Frequently Asked Questions (FAQs)

Question: What are some uses of Export and Import Price Indexes?

Answer: The primary use for the International Price Program's import and export price indexes is to deflate various foreign trade and growth statistics produced by the U.S. government. Other uses include measuring inflation, as an input to fiscal and monetary policy, forecasting future prices, performing elasticity studies, deriving terms of trade indexes, analyzing exchange rates, negotiating trade contracts, and analyzing import prices by locality of origin.

  • Deflating trade statistics: There are three major government trade statistics that are deflated using the export and import price indexes—the monthly U.S. trade statistics, the quarterly Balance of Payments Account (BPA) numbers, and the foreign sector of the quarterly National Income and Product Accounts (NIPA). The International Price Program price indexes can, however, be used to deflate any type of import or export value statistic into real terms.

  • Measure inflation: A primary reason for measuring import prices is to track the impact they have on domestic inflation. Movement in import prices can often be an indicator of future inflation since some inputs to domestic production, as well as consumption, are imported.

  • An input to fiscal and monetary policy: The Federal Reserve Board frequently uses the import and export price indexes when deciding the nation's monetary policy. In addition, the indexes can be used to determine the impact of trade legislation as part of overall fiscal policy.

  • Forecasting future prices: Anticipating future price trends is important to both the business community and individuals doing research on international prices. One important input into any model to forecast price trends is past prices. Although past price behavior is not a perfect predictor of future trends, historical patterns and relationships in the time series would contribute knowledge about the future level of prices.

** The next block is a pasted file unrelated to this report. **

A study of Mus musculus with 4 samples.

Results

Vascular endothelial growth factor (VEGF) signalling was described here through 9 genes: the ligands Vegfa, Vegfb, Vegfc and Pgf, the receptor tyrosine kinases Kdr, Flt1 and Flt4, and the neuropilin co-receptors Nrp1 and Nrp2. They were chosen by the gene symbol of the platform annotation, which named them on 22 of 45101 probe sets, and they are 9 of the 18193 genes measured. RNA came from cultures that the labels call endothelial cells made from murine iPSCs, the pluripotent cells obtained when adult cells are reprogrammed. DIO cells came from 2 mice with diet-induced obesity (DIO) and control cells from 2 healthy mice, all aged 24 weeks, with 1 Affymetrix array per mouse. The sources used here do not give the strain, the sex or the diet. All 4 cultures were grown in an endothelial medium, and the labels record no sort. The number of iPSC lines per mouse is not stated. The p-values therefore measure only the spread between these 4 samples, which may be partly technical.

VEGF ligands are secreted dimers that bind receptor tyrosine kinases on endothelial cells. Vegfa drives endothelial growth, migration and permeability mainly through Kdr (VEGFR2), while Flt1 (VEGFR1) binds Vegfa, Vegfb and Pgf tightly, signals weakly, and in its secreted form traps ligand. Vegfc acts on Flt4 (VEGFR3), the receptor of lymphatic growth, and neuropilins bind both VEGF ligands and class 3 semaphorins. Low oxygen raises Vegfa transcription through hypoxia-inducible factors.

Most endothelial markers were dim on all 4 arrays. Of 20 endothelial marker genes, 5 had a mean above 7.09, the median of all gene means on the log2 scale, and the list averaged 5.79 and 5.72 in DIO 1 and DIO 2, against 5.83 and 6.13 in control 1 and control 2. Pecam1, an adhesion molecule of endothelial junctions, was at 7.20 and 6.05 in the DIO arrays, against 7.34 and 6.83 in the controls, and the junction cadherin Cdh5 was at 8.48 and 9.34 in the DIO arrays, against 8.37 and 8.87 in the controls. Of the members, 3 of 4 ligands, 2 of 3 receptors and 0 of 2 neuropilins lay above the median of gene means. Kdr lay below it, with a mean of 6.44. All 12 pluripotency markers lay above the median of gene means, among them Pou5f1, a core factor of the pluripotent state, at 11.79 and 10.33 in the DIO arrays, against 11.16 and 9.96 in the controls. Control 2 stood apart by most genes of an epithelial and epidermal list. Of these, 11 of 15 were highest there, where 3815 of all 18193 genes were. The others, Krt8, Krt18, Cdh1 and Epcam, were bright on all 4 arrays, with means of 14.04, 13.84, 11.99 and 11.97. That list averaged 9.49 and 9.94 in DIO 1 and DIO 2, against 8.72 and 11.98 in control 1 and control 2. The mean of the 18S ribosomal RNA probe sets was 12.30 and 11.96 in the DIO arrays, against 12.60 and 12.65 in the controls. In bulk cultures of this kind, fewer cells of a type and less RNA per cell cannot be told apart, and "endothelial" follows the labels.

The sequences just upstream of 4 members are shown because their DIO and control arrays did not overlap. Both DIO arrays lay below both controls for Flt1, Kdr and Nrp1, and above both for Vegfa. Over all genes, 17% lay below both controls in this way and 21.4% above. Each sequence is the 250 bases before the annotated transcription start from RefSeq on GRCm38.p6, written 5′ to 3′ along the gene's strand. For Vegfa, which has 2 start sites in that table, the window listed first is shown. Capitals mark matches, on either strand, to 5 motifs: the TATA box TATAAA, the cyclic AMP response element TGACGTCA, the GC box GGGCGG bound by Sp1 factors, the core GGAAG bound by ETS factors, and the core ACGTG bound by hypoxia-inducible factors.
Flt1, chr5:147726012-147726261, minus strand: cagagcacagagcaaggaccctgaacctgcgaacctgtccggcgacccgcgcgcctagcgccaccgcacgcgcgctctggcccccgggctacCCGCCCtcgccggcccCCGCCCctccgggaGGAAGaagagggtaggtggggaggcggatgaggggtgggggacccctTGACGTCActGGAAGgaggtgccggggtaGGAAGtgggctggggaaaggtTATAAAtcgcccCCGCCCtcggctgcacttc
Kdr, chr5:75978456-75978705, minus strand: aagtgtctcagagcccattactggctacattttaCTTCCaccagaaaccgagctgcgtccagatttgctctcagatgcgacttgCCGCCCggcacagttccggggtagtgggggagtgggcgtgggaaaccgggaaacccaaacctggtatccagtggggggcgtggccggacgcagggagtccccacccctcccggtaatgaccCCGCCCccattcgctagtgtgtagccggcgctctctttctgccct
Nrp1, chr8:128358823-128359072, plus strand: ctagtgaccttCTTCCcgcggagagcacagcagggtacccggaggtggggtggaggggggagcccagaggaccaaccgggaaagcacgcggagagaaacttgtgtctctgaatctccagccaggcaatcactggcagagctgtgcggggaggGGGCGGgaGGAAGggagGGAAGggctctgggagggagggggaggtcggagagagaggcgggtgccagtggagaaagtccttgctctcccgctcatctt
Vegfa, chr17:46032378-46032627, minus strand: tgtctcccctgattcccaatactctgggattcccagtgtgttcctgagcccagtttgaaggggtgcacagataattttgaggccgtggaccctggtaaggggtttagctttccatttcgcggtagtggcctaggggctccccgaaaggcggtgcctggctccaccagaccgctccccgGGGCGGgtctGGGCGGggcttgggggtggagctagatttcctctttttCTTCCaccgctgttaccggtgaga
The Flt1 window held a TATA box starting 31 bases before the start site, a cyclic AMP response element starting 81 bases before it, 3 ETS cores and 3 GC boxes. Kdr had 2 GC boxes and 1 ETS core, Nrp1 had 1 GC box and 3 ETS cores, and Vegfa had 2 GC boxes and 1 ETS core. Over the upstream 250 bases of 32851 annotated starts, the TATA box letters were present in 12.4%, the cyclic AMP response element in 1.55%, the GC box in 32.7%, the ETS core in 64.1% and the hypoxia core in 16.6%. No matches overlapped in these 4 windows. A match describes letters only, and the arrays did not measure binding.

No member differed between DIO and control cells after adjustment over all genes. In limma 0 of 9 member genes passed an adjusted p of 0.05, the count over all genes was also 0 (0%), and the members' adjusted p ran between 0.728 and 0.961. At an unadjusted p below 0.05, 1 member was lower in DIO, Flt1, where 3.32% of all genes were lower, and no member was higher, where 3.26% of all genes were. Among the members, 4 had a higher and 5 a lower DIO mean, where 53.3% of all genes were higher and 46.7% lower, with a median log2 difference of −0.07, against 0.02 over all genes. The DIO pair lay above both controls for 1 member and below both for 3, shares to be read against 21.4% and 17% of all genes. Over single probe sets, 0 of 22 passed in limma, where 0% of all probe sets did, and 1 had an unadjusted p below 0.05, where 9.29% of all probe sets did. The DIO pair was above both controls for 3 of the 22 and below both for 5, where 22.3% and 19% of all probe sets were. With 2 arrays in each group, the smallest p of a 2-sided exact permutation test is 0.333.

• Performing elasticity studies: A topic related to measuring industry price changes and trends is the creation of price and income elasticity estimates to distinguish how much of a trade volume change is due to price effects and how much is attributable to income effects.

  • Deriving terms of trade indexes: The export and import price indexes can be used to measure the U.S. terms of trade. A terms of trade index is the ratio of an export index over an import index. An improvement in the terms of trade can be perceived as an improvement in competitiveness because imports are becoming cheaper in terms of the country's exports.

  • Analyze exchange rates: The export and import price indexes can be used to determine the impact of exchange rate movements on the prices of exports and imports.

  • Negotiating trade contracts: International price data have been useful for both multilateral and bilateral trade agreements. Import and export price data have been utilized to negotiate trade agreements for tin, coffee, cotton textiles, oil, and airfreight services. Government agencies that have used the data in negotiating trade contracts include the Department of State, the Department of Commerce, and the office of the U.S. Trade Representative.

  • Analyzing import prices by locality of origin: The International Price Program produces import indexes broken out by locality of origin. These can be used to study how economic variables in other regions affect the U.S. economy. One example where a locality of origin index was helpful was the economic crisis in Asia that took place in late 1997. The index of imports from the Newly Industrialized Asian Countries indicated to what degree prices of U.S. imports were impacted by that situation.